Art students learn the art of ‘dark-light-dark-light’ (chiaroscuro) by drawing with dark and light chalk on mid-tone (typically brown or gray) paper. The mid-tone is the default, and the shadows are dark and the highlights are white.
This technique works as well on concrete or asphalt as it does on brown paper. If we create a three-tone stencil with a mid-tone background, then we can paint white and black layers on the mid-tone: and if we do it right, the mid-tone of the background will find its way into the details of the stencil to give us a really nice effect.
Creating the base image
queller4 created the base image for us in MidJourney. (Thanks!) From there, it was a matter of conditioning the base image to make it into a good stencil.
Conditioning the image for stenciling
Crop and set background
So we crop the image as close as we can, and recolor the background so that it more or less matches the midtone that’s present in the image. (That’s the idea, after all–to have the midtone surface color inside the image, not just on the outside.)
I took an intermediate result and uploaded it to Bay Stencil (remove background unchecked) to check to see how the three-layer stencil presets would treat it. I found to my surprise that I had misjudged the midtone (my background was too light), so I darkened the background and was closer to the effect I wanted.
You can see how I modified the image in the video to adjust the background.
Adding detail and pushing the midtone in
Still, there were some details that I wanted to have present in the stencil, such as:
- more detail around the eyes and ears
- more midtone present in the interior of the stencil
- a little more reflected light on the bottom of the pig (again, bringing in more of the midtone)
Again, check the video above for the sequencing.
Stencilize the image with Bay Stencil
Uploading to Bay Stencil gives you your color-separated, bridged and registered stencil layers. Bridged is important because you can’t cut and paint a stencil that is in twenty pieces. The pieces have to hold together in a stable configuration so that you can spray or brush the paint on. Registered is important because the white layer and the black layer aren’t typically touching one another. So if you paint, say, the white layer first, then you don’t know where to lay the black layer unless you cut registration marks in both of them to align them properly. (Like I said, Bay Stencil does this for you.)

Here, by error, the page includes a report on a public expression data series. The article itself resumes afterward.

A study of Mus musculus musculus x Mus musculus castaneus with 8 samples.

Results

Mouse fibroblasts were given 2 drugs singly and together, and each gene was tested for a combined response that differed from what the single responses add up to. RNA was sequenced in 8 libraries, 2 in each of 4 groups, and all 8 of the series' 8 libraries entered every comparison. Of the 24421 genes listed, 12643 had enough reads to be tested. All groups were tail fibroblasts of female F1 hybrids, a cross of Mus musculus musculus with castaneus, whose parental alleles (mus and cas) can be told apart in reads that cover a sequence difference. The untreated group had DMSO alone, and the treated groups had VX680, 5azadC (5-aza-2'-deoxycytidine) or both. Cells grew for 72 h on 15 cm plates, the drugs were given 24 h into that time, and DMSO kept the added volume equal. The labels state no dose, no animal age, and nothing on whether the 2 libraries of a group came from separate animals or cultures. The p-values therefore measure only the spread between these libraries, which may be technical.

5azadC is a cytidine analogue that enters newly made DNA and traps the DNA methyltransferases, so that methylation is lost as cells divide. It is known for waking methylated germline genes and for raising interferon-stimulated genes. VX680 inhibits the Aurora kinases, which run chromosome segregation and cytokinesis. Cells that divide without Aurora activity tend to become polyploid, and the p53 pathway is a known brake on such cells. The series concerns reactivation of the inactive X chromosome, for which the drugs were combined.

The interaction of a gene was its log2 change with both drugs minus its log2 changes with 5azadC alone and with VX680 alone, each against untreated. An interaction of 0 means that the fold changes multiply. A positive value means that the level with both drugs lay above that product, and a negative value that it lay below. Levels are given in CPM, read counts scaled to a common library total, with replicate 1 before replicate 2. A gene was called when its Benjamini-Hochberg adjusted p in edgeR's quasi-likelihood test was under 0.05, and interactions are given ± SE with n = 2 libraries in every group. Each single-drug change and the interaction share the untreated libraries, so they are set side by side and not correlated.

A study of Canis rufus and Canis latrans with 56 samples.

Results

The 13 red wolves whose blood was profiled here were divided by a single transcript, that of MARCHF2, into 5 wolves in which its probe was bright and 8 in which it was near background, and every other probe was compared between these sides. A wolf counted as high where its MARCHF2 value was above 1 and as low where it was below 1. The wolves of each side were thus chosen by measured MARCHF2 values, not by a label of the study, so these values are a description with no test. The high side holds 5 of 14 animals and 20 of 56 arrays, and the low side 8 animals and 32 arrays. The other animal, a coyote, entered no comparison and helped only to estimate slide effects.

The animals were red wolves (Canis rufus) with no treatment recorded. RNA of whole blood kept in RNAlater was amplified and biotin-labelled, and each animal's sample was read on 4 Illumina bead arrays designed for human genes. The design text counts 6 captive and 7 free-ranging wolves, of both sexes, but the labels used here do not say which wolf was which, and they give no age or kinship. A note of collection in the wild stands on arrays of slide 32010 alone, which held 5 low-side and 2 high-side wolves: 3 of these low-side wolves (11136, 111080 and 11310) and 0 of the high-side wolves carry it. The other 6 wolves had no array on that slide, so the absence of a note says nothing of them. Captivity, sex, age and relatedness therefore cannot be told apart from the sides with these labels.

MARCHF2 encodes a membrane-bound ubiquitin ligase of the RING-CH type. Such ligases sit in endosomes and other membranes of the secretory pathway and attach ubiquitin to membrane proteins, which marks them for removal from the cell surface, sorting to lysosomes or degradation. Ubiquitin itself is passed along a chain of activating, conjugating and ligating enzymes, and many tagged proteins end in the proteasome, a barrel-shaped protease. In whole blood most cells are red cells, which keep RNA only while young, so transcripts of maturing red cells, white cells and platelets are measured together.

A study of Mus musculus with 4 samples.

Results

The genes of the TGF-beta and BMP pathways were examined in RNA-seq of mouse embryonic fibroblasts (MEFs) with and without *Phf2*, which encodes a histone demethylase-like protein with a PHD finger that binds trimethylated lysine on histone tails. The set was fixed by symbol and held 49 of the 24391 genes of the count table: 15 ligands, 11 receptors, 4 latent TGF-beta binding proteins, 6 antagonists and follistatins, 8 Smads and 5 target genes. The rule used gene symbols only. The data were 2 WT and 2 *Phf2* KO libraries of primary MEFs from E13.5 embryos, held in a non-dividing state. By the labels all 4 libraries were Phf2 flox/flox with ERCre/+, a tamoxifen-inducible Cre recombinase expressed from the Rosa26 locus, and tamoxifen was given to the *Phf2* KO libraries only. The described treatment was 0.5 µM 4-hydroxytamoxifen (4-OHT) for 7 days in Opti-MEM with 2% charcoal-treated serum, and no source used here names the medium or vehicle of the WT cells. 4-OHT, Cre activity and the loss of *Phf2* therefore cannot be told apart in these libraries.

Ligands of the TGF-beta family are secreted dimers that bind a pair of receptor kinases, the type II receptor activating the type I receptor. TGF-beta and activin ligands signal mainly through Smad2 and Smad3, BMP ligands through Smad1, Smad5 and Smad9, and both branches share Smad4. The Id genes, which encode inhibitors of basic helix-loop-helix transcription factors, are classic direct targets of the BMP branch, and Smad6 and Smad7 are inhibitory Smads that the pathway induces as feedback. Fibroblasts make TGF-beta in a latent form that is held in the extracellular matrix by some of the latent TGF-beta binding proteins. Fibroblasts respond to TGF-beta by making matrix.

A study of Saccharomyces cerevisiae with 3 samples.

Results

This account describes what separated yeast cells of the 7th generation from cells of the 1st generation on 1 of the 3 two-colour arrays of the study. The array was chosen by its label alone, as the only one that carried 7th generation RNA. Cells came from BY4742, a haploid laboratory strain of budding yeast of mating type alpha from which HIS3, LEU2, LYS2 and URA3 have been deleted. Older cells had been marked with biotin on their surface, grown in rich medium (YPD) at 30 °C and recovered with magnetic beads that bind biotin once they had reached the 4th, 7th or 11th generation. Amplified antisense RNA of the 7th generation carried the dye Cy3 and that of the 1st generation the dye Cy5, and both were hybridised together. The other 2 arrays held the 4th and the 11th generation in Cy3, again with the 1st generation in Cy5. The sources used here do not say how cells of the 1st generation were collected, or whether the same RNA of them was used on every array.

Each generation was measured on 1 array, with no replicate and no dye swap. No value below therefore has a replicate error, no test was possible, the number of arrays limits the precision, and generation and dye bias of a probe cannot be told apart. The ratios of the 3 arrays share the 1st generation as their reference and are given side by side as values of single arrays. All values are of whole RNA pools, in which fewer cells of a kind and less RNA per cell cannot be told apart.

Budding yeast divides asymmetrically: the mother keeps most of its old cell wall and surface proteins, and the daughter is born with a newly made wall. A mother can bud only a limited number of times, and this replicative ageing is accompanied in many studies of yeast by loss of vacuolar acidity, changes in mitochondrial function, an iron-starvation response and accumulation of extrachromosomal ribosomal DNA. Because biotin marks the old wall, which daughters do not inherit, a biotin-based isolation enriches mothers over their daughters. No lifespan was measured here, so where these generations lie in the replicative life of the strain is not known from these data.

Cut and Paint
Cut on your craft or laser cutter. (Or have Bay Stencil cut it for you! It’s okay, you’re still doing the design yourself.)
We like to use chalk spray to make our street and industrial wall stencils. Chalk spray is cleanable with soap and water and a stiff brush. Plus, it tends to weather off after a year or so even if you don’t clean it. But it’s not a ‘washes off in the first rain’ type of thing. We’ve linked to Montana Cans product because we’ve tested it. In general we don’t love Montana Cans, but like I said in our market it was easiest to get their chalk products; we tested them and they work well.
Our original concept was to paint the flying pig on neutral construction surfaces (like concrete and asphalt), using these temporary spray chalks. But when we were asked to reproduce the Flying Pig in permanent paint on a promotional display, we chose to use PINK as the base color. We chose a flattish, dull pink because we knew that the white wouldn’t pop against a neon pink. The surface was a large sheet of vinyl (not flat at all), and it was a bit windy, so the stencils didn’t lay flat, but we’re still happy to get the chance to use it in this extended way.
We’d love for you to try your own midtone sidewalk stencil. But if you want, you can just make this one. Click here to get the free Flying Pig SVGs.